WebMD states that there is no cure for cirrhosis of the liver, but lifestyle changes can prevent additional damage. Medicines and regular doctor visits treat complications of the liver, and a liver transplant or palliative care is used for severe cases.
According to WebMD, it is important to quit drinking alcohol completely to curb cirrhosis. A doctor consultation on non-prescription drug intake such as aspirin, ibuprofen, naproxen and acetaminophen can help determine if these medicines increase the risk of bleeding and further liver damage. Implementing a low-sodium diet prevents fluid build-up in the chest and abdomen, and immunization against hepatitis A and B, pneumococcus and influenza are helpful.
Medicines such as antibiotics and diuretics are used to treat cirrhosis complications such as fluid build-up, as are procedures that reroute fluid from the stomach or remove the fluid with a needle. Enlarged veins in the digestive tract are treated with endoscopic variceal banding to stop bleeding, shunt placement to move fluids away from the stomach or vasoconstrictor or beta-blocker medicines.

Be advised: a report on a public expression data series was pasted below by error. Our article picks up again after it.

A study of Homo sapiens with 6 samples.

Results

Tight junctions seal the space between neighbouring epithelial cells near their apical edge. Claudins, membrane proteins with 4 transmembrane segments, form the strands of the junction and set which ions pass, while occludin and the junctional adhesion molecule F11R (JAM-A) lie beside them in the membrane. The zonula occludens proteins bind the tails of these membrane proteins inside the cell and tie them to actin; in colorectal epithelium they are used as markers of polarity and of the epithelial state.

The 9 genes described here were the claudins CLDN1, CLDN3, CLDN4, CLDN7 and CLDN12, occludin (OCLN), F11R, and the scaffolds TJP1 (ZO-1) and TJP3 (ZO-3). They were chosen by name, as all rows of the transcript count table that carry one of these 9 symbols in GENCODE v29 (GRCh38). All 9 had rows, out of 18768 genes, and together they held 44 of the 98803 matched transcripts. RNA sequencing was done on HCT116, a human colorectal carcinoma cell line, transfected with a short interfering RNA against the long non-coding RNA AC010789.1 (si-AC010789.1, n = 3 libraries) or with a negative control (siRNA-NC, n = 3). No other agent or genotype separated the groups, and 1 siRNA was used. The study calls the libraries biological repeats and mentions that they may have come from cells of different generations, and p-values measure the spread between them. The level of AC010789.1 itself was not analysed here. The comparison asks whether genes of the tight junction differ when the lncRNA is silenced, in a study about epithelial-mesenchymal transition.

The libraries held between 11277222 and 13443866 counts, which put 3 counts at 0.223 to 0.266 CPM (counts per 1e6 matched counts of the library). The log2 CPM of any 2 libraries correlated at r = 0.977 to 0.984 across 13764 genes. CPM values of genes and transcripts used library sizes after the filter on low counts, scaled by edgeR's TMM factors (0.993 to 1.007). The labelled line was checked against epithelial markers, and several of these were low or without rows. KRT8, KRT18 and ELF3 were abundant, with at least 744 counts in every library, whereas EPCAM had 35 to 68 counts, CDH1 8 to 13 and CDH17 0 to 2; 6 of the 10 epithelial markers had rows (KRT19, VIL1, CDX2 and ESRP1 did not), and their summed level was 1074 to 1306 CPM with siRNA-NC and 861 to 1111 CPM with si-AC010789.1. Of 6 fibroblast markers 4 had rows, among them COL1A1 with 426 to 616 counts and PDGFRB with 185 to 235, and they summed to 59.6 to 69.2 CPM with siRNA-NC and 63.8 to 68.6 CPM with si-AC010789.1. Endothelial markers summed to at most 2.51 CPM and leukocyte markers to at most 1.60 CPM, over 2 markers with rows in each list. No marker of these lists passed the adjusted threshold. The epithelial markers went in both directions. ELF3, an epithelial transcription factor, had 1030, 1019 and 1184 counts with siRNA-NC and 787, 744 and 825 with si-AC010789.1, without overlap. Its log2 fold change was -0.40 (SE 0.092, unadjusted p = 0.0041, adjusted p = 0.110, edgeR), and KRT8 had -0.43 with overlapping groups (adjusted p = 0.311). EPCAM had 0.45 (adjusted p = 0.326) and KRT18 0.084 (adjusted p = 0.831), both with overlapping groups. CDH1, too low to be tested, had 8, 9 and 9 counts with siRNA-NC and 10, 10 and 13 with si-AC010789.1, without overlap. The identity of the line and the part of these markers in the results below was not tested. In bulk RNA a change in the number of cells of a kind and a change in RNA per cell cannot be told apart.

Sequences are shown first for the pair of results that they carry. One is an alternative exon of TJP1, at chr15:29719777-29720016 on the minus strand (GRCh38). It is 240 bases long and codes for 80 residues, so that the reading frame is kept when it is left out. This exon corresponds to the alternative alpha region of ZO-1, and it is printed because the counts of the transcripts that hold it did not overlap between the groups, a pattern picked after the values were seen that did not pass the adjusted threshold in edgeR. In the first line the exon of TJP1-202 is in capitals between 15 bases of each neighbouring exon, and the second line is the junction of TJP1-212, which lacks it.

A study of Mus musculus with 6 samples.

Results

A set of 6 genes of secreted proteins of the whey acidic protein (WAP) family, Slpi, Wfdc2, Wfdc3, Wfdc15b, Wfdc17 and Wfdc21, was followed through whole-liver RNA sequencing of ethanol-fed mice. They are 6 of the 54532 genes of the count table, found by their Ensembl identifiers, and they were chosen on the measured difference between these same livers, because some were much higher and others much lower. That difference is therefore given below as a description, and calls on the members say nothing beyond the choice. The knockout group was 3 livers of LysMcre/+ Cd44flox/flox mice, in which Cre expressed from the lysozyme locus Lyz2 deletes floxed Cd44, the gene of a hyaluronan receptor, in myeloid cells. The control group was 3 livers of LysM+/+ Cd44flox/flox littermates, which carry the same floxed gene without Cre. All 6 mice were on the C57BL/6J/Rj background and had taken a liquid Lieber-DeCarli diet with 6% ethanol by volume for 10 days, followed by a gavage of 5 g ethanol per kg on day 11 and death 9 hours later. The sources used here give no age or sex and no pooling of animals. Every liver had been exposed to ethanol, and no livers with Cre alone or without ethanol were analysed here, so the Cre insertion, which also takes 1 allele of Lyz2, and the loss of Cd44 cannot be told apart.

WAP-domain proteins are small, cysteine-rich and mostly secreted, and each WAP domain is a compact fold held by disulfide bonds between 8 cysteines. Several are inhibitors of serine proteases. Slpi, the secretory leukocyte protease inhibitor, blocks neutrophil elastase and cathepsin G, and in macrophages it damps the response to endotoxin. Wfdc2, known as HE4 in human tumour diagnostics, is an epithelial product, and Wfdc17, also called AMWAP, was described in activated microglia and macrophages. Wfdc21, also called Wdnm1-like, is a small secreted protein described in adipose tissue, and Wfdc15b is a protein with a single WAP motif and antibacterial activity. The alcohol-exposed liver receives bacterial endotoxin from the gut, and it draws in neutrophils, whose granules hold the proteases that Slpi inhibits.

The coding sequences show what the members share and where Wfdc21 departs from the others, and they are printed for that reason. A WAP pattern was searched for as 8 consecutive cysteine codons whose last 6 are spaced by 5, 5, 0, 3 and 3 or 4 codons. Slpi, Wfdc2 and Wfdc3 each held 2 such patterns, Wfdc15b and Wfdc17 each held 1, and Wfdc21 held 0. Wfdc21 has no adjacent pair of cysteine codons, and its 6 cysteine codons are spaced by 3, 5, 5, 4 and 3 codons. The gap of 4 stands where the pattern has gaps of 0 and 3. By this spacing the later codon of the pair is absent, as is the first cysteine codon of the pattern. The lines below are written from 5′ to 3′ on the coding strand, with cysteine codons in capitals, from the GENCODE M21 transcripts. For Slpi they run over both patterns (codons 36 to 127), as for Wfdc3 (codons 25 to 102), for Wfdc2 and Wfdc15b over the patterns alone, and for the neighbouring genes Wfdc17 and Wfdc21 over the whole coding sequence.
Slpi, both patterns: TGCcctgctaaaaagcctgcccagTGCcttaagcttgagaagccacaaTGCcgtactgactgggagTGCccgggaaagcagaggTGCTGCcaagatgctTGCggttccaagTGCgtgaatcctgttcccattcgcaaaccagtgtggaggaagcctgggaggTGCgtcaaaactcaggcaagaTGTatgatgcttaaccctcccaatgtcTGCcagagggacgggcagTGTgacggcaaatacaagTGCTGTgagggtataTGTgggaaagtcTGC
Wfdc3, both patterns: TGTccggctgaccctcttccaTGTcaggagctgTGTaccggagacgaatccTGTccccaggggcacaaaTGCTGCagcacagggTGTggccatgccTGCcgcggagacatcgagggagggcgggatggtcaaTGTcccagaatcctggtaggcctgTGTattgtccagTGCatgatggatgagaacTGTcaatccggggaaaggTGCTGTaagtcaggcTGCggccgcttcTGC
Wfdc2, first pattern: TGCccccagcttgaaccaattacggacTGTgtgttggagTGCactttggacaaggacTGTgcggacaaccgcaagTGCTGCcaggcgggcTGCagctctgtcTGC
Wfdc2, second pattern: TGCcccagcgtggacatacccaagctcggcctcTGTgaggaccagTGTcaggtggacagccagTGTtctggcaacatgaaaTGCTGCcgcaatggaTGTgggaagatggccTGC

WebMD advises regular doctor visits to test for cirrhosis complications before they become severe. Testing for varices with endoscopy every two to three years is recommended, and liver cancer testing should take place every six months. A liver transplant is the only cirrhosis treatment that restores normal functioning of the liver, but it is typically only an option for life-threatening liver damage.